SIGN IN to access Harper’s Magazine
Need to create a login? Want to change your email address or password? Forgot your password?
1. Sign in to Customer Care using your account number or postal address.
2. Select Email/Password Information.
3. Enter your new information and click on Save My Changes.
Subscribers can find additional help here. Not a subscriber? Subscribe today!
Die elementare Reaktion gegen Ungerechtigkeit und für Gerechtigkeit ist abhanden gekommen — jene Reaktion, die auf die Dauer des Menschen einigen Schutz gegen einen Rückfall in die Barbarei gewährleistet. Denn ich bin überzeugt, der leidenschaftliche Wille zur Gerechtigkeit und Wahrheit hat mehr zur Verbesserung der menschlichen Lebensbedingungen beigetragen, als die berechnende politische Schlauheit, die auf die Dauer nur allgemeines Mißtrauen erzeugt. Wer will bezweifeln, daß Moses ein besserer Führer der Menschheit war als Machiavelli?
The elementary reaction against injustice and for justice has been lost—and it is this reaction which over time furnished humankind with protection against a collapse into barbarity. I am convinced that the passionate commitment to justice and truth has done more to improve the human condition than any calculating political cleverness, which over time produces only general distrust. Who can possibly doubt that Moses was a better leader for humankind than Machiavelli?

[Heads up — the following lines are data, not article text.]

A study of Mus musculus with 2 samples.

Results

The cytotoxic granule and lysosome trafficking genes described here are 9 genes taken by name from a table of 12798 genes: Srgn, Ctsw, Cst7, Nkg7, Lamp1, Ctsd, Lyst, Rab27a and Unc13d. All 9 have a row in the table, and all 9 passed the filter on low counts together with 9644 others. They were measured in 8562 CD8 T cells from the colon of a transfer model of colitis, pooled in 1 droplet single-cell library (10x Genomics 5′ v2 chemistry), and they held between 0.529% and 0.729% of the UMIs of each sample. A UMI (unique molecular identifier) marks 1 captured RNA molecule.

–Albert Einstein, Aus meinen späten Jahren ch. 5, p. 30 (1937)(S.H. transl.)
More from Scott Horton:
Six Questions — October 18, 2014, 8:00 pm
Nathaniel Raymond on CIA interrogation techniques.
I recently spent a semester teaching writing at an elite liberal-arts college. At strategic points around the campus, in shades of yellow and green, banners displayed the following pair of texts. The first was attributed to the college’s founder, which dates it to the 1920s. The second was extracted from the latest version of the institution’s mission statement:
The paramount obligation of a college is to develop in its students the ability to think clearly and independently, and the ability to live confidently, courageously, and hopefully.
Let us take a moment to compare these texts. The first thing to observe about the older one is that it is a sentence. It expresses an idea by placing concepts in relation to one another within the kind of structure that we call a syntax. It is, moreover, highly wrought: a parallel structure underscored by repetition, five adverbs balanced two against three.
Percentage of Britons who cannot name the city that provides the setting for the musical Chicago:
An Australian entrepreneur was selling oysters raised in tanks laced with Viagra.
A naked man believed to be under the influence of LSD rammed his pickup truck into two police cars.
Subscribe to the Weekly Review newsletter. Don’t worry, we won’t sell your email address!
“Shelby is waiting for something. He himself does not know what it is. When it comes he will either go back into the world from which he came, or sink out of sight in the morass of alcoholism or despair that has engulfed other vagrants.”